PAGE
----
Burn Down the Sky by James Jaros
My rating: 2 of 5 stars
Okay, at first I thought this book had potential. Emmy-winning author. Post-Apocalyptic/Dystopian. I dig it. My kind of thing. Promising beginning. Lots of violence. I can deal with that. But then some creepy things start, well, creeping into the book. First, it’s the Wicca virus (nice title, eh?), where it’s spread by sexual transmission, but then eventually pretty much everyone is infected or a carrier – except young girls who have not yet menstruated, and they are not infected for one year, 365 days, after they first begin to do so, at which point they become infected and for all intents and purposes, become disposable. Which means, they’re the only females on earth that horny men can safely have sex with – 11 and 12 year old girls. Think about that for a minute. Then start thinking about the premise of this book. Yeah.
So, marauders go out to attack different camps, violently, and steal their young girls, and in this southern region based in old Knoxville, take them back to a freakish religious cult called the Army of God, which is armed, powerful, and made up of pedophiliac killers. This happens to a woman named Jessie, whose young daughter is stolen in a raid that kills over 100 of her colleagues. She and her daughter, Bliss, start out tracking this group, just the two of them, against well armed marauders, but they end up joining forces with some other people in their situation and start looking for this fortress.
The things that started disturbing me about this book, though, were the descriptions of the young girls and their bodies and what the dirty old men did to them. Vivid descriptions. Jessie’s daughter, Ananda, lived in fear of getting her first period because then she would be married off to a dirty old man, get impregnated immediately, hopefully give birth to a female child, that they could bring up for more sexual slavery – a boy child would be sold off – and after 365 days, she would disappear, permanently. It happens to all of the girls. There is torture. If you talk back, they wash you eyes out with lye to blind you to teach you a lesson. If you are too resistant, they say you’re in league with the devil, maybe even a witch, and burn you alive at the stake and make all of the girls watch.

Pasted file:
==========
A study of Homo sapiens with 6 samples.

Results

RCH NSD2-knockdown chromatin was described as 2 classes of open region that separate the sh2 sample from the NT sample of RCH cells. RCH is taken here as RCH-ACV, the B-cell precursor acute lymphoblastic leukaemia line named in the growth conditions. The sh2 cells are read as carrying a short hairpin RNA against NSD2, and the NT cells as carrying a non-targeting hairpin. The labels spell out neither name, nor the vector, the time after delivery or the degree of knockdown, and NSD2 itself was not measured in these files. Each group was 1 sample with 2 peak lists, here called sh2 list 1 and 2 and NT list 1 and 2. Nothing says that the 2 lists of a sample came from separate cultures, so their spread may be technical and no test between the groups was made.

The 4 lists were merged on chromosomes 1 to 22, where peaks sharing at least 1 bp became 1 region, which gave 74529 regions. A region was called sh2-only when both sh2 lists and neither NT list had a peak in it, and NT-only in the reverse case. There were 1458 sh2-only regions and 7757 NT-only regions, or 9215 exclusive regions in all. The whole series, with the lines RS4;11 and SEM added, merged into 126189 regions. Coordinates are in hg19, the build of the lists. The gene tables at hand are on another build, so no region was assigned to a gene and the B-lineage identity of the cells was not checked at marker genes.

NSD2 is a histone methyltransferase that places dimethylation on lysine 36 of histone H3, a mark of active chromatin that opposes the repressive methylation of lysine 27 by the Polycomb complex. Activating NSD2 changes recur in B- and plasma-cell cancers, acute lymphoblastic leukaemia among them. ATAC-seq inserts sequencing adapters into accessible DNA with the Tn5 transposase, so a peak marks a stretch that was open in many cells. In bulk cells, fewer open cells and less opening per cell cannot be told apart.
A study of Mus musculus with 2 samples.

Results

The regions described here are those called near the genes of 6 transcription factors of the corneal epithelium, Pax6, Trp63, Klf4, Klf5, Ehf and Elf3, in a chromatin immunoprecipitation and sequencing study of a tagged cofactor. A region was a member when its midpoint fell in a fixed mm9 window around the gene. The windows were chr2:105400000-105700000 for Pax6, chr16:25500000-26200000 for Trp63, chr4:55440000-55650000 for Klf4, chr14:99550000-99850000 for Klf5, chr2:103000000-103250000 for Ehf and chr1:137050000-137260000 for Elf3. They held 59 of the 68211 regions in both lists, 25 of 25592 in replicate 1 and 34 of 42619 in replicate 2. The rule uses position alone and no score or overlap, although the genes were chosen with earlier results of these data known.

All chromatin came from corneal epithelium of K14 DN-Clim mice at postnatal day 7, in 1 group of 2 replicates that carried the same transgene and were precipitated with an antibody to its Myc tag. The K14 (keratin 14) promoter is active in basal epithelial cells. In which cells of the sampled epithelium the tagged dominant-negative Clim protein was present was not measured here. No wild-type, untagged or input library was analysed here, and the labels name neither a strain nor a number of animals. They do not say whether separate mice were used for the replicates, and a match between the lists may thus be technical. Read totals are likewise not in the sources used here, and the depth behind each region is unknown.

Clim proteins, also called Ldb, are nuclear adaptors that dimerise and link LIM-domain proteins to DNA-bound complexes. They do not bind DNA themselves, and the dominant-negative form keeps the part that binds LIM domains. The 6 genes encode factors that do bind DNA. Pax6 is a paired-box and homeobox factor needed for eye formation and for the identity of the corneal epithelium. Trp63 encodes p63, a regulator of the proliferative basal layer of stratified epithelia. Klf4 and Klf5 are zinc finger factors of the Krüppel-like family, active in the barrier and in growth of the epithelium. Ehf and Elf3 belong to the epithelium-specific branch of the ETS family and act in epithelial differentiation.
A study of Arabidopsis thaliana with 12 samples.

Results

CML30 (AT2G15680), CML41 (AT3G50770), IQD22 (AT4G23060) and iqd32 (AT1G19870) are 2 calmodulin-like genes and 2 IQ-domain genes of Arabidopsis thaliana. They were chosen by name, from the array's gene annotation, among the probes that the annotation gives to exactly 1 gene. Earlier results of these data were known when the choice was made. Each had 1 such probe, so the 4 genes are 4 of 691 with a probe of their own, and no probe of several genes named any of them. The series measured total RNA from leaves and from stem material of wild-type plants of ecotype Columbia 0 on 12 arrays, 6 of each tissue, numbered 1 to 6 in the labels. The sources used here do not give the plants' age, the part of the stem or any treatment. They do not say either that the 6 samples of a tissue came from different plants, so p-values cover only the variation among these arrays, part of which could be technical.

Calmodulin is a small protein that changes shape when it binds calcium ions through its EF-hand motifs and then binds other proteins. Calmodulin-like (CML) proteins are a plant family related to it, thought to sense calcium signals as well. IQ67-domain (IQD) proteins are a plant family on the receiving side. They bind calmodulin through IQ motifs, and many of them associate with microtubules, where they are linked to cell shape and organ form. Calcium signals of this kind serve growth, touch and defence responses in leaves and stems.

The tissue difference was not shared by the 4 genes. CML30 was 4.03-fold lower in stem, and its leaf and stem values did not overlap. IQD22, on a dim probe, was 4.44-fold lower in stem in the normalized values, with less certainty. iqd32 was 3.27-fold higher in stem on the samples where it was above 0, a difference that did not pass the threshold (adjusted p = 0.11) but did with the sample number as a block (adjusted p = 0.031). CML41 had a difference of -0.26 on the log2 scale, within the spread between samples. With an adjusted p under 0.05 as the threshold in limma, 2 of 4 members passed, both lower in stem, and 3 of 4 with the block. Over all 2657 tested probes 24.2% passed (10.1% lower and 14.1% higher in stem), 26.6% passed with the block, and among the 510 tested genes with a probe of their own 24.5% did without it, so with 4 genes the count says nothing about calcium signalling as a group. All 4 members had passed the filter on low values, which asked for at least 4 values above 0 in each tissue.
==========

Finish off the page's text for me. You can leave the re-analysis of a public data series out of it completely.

Meanwhile, all of the girls have to strip, be washed, especially between their legs and buttocks, cleaned, changed. Ananda is forced to live with the fortress leader and his Nazi-like female companion, sleeping on the floor outside their door. He makes her take her top off and get a doll and practice nursing with it, so he can see her “light colored” nipples, multiple times. We’re given multiple descriptions of her pubic hair, size, shape, thickness. We see other naked young girls through her eyes. What this book eventually, sneakily becomes is not a dystopian sci fi novel, but child porn mixed in with some child torture – kiddie porn. It’s fucking disgusting. I have no idea if this is even legal. I guess if you can sell de Sade, you can sell this, but it’s beyond me why you would market child porn as sci fi and expect people to be okay with this. I found it disturbing, disgusting, repulsive, and appalling, and while part of me admired his writing skills, cause Jaros is a good writer, I was far more put off with the subject material and felt dirty after reading passages of this book. I’ve actually read worse, like when I read The Turner Diaries, but this isn’t a controversial underground white supremacist novel that inspired the greatest act of domestic terrorism in American history. This atrocity is on any sci fi bookshelf in America and that’s disturbing to me. Any 12-year-old kid could pick this up – and be scarred by it. As a writer myself, I’ve never advocated censorship and I’m still not sure I do, but this book belongs on the top shelf, or on its own shelf, or in a glass case – I’m not sure what the answer is, but it’s R to X rated and I don’t think 10 and 12 year old kids should be reading it unsupervised.
This book had a lot of potential and part of me is sorry I’m not going to find out what happens to the family, but I’m not going to subject myself to more and more child torture and child porn to find out. I’m not willing to sell my soul for so little in return. Even though the subject matter merits one star, the writing and originality of the book merits more, so I’m giving it two stars, reluctantly, with the provision that caution should be exercised by any and all who read it, knowing its subject matter is controversial. Therefore, two stars and not recommended.